My mate Brian Stone suggested that getting into moths was like falling down Alice’s rabbit hole…it certainly feels that way with around 2500 species in the UK alone any one of which might turn up in a trap or be flitting around the garden day or night. Compare that number to the 50 or so species of butterfly we have here (strictly speaking butterflies are just a sub-group of moths anyway).
Down that rabbit hole, there are owlets, geometers, hawks and sphinxes, micros, and countless other classifications. Some of the families contain hundreds of species some just contain a single member. Check out the UK Moths website for a near-definitive gallery. Me? I’ve just passed photographing and identifying about 80 different moths.
There are also the obviously and not so obviously sexually dimorphic species (male and female look very different), the aberrations (moths that have strayed from the normal plan of shape and size, but usually just pattern), the second and third brood specimens for those moths that breed several times in the season. And, let’s not forget the Large Yellow Underwings, the Broad-bordered Yellow Underwings, the Lesser Yellow Underwings, and the Small Yellow Underwings (add to that the Copper UWs, the Red UWs, the Clifden Nonpareil (Blue Underwing), the Straw Underwing, and the Old Lady (which looks to my eye like a grey underwing)!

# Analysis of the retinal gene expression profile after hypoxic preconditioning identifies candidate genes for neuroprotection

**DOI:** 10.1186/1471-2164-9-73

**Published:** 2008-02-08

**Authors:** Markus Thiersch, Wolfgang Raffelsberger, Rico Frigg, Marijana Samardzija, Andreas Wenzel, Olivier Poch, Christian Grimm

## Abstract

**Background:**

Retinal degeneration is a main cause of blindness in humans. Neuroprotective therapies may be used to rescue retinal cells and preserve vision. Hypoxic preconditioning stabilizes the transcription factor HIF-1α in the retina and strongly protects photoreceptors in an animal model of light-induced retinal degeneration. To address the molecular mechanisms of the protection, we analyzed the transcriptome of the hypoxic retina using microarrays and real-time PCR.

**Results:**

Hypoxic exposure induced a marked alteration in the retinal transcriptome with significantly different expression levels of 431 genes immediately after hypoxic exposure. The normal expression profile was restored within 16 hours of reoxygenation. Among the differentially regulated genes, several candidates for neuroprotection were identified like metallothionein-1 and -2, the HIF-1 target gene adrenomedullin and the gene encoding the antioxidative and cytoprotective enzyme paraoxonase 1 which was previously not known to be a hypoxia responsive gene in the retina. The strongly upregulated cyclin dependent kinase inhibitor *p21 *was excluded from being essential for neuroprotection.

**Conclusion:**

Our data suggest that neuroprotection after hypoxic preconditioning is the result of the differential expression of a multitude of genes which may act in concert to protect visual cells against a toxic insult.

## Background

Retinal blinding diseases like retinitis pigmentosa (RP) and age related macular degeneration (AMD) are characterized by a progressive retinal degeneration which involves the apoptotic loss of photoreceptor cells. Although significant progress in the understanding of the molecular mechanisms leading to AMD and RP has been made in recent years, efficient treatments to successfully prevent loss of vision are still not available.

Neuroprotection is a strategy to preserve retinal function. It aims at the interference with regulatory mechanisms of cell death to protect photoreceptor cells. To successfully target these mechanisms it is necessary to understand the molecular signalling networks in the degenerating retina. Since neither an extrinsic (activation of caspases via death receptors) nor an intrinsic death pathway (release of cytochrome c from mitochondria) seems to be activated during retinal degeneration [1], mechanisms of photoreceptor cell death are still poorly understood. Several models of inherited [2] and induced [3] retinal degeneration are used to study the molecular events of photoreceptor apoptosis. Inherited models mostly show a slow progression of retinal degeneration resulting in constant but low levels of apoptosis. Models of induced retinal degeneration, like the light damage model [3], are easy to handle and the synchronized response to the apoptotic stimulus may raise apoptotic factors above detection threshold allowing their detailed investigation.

Earlier in the week, I saw a female, second generation Purple Thorn, which looks very different from the standard Purple Thorn, but luckily was pictured in my Collins Complete Guide to British Butterflies and Moths. And, last night there was a “Gothic”, but it wasn’t the bog standard Gothic owlet (noctuid), it was a Feathered Gothic, and so different and it was a female, so different again. Fortunately, she was still there this morning for her early-morning photo shoot.
So, this one is Feathered, as opposed to just plain Gotchic, Beautiful Gothic, or Bordered Gothic. The male has feathered antennae (a common feature of the sexual dimorphism of moths as the feathered antennae evolved to detect tiny amounts of sex pheromone molecules released by the females). Otherwise the male and female look very similar in this species.
The adults fly August to September, this was my first sighting of one, 2nd September. They spend their time mostly in grasslands and the larvae (caterpillars) feed on grasses.